Arie who? This is the question Bachelor Nation is asking this morning after ABC announced Arie Luyendyk Jr., runner-up on season 8 of "The Bachelorette," will be the star of the next season of "The Bachelor."
The buildup to the announcement on Good Morning America on Thursday was perplexing, to say the least. The creator of the franchise, Mike Fleiss, had spent recent days posting (and then deleting some) cryptic tweets with supposed clues to the Bachelor's identity.
He likes Piña Coladas and getting caught in the rain. He's not much into health food. He is into 🍾— Mike Fleiss (@fleissmeister) September 7, 2017
Our new #thebachelor hasn't been "in love" in quite some time...— Mike Fleiss (@fleissmeister) September 7, 2017
Good Morning America tweeted last Thursday that the new Bachelor would be revealed on the next morning's show. But that tweet was deleted and an announcement next came.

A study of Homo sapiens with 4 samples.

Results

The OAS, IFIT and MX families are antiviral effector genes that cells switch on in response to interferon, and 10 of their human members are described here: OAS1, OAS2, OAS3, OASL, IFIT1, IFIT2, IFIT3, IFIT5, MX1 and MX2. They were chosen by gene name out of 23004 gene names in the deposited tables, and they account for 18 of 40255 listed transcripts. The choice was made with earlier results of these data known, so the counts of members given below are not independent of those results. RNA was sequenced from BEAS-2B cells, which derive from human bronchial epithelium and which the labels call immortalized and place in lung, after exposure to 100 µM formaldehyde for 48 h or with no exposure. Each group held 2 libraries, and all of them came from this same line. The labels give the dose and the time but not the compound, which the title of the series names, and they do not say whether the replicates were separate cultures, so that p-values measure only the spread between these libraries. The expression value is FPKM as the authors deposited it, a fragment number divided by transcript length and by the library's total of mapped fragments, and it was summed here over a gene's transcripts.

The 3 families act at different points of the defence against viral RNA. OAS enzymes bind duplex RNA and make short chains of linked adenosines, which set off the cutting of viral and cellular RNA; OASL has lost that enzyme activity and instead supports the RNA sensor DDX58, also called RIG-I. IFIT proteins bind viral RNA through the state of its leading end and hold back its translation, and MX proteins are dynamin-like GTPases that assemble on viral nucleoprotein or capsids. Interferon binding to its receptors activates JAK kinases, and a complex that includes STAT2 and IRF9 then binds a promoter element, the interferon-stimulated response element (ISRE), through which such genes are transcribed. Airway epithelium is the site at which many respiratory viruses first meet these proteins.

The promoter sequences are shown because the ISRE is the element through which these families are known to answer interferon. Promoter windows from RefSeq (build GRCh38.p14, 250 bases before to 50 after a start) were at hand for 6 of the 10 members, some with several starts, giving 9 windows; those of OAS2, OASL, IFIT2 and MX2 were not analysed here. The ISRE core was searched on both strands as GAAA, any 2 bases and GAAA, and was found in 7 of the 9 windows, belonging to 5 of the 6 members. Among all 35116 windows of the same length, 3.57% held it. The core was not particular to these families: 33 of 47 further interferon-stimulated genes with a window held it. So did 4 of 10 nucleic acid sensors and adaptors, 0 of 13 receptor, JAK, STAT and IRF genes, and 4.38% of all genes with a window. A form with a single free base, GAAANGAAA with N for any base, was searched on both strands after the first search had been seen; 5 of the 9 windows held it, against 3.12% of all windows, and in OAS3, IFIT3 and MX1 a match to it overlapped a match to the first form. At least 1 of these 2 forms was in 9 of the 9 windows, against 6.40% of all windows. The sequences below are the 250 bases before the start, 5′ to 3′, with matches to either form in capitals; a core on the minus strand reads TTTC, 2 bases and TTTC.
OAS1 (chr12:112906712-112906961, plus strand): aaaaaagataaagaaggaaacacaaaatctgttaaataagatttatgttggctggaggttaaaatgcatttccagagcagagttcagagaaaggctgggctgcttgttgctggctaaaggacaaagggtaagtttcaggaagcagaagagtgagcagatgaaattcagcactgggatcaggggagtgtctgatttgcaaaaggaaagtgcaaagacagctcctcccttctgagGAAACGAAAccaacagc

Was this all an elaborate ruse or, as reported, did producers have a hard time finding their next male lead?
Regardless, many fans are confused over the choice of the race car driver.
"The Bachelor" has been an anomaly on TV, with ratings remaining relatively consistent even as most shows experience significant ratings erosion. The first season of "The Bachelor," which aired in 2002, averaged 10.7 million viewers and a 4.6 rating in the 18-to-49-year-old demo, while the most recent season was watched by 7.4 million and pulled a 2.3 rating.
A big part of that audience loyalty can be credited to the franchise's strategy of picking recent cast-offs as the next season's Bachelor or Bachelorette. It's a pretty smart cycle: You watch a season of "The Bachelor," become invested in the ladies looking for love, and then follow one on their own individual "journey" (as the show insists on calling its process) ... and repeat.
But going back five years to find your lead seems like a risk that could ultimately alienate viewers who don't remember or weren't watching in 2012.
Luyendyk's season of "The Bachelorette" averaged 7.5 million viewers and 2.5 rating in the 18-to-49 demo when it aired in spring 2012.